How to Fix a Washer That Overfills


If your residential washer overfills or overflows during operation, a clogged water level hose or faulty water level switch is usually to blame. The water level switch, also known as a pressure switch, is designed to regulate the amount of water used to fill the washer tub during a washing cycle. When the hose is clogged or the switch is failing, the washer doesn't know when to shut off the water. Disassembling the control console allows you to access the water level switch and connected hose for troubleshooting or replacement.

Things You'll Need

  • Screwdriver
  • Soft towel
  • Disconnect the washer from its electrical supply; unplug the machine or switch the corresponding circuit breaker to the "Off" position. Pull the washer away from the wall to access the back of the control console.

  • Remove the screws securing the control console to the top panel; these screws are on the back or sides of the control console in most washer models. The type and number of screws varies by brand and model.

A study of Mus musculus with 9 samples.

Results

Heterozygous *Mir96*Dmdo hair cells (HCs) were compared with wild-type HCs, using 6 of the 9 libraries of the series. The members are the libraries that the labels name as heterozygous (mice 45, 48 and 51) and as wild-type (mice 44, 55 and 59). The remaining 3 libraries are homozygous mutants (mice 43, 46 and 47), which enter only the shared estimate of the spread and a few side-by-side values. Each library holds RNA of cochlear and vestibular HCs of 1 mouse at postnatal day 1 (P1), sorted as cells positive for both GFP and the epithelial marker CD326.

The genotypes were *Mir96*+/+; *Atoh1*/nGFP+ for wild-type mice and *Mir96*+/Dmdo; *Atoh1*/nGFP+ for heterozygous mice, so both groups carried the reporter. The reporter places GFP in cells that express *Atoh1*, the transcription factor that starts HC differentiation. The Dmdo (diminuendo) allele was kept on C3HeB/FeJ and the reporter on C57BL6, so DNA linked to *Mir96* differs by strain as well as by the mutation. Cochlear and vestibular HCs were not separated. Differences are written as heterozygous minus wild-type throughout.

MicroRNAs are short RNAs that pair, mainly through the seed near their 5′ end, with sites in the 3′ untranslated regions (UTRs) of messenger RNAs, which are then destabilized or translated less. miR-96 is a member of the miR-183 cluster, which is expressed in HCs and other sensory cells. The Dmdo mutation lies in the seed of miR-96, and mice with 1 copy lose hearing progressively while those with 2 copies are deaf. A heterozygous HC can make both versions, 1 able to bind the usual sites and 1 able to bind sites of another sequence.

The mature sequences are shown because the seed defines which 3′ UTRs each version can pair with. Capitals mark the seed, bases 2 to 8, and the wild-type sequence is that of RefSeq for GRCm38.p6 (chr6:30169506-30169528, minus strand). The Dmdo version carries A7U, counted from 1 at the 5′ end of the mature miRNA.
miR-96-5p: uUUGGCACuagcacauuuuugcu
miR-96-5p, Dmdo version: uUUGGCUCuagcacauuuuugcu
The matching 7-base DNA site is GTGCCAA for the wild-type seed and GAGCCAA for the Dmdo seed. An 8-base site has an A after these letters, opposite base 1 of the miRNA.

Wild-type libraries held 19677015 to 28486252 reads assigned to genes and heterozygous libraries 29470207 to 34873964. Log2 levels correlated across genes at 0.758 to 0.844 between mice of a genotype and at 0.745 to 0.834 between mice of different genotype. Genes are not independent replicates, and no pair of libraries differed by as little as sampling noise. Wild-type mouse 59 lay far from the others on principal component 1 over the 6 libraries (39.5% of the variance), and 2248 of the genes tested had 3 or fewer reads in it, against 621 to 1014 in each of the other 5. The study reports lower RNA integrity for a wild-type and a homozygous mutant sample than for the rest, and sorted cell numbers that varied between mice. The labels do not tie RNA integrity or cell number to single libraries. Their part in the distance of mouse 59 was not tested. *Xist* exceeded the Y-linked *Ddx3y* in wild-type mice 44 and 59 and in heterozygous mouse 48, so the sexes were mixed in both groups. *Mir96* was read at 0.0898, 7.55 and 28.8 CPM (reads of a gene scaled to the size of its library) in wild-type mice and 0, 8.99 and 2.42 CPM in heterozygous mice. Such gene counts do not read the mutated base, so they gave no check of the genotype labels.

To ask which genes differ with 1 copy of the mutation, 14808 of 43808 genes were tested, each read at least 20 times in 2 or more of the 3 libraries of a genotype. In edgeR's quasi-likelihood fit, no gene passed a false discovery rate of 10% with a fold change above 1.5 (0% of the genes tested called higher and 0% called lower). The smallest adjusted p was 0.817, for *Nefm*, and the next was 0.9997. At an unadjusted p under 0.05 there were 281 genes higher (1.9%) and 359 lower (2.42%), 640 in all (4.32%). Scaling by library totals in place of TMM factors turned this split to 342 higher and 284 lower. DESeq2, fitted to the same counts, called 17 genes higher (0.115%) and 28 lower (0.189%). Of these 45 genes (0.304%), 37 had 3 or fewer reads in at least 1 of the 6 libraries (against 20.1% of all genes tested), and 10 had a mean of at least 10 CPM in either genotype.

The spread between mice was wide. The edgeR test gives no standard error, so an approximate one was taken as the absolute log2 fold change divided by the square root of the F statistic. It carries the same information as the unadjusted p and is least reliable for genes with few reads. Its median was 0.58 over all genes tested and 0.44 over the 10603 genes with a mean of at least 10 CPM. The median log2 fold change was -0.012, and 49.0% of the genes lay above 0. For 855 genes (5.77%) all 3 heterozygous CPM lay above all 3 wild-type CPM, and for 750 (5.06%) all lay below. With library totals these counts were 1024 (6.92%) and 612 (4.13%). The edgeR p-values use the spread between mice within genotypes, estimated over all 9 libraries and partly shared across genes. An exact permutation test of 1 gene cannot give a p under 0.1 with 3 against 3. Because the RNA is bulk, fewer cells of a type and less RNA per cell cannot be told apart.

• Pad the top of the washer with a soft towel to prevent the enamel from sustaining scuffs or scratches. Fold the console forward so that the controls are resting on the towel.

  • Remove the protective panel shielding the internal control console components; take out the screws holding the panel to the console. Lift the panel from the console to reveal the water valve assembly and water level switch components.

  • Look to the right of the water valve assembly to locate the water level switch. Detach the clear plastic hose from the water level switch component. Blow through the hose to clear it of any blockages.

  • Reverse the disassembly process to reassemble the control console. Run a regular washing cycle to test the water level switch.

  • Replace the switch if the washer continues to overfill. Disassemble the control console to access the water level switch. Disconnect the clear plastic hose and wiring from the component. Pry up the retaining tabs that hold the switch in place. Reverse the removal process to install a new water level switch.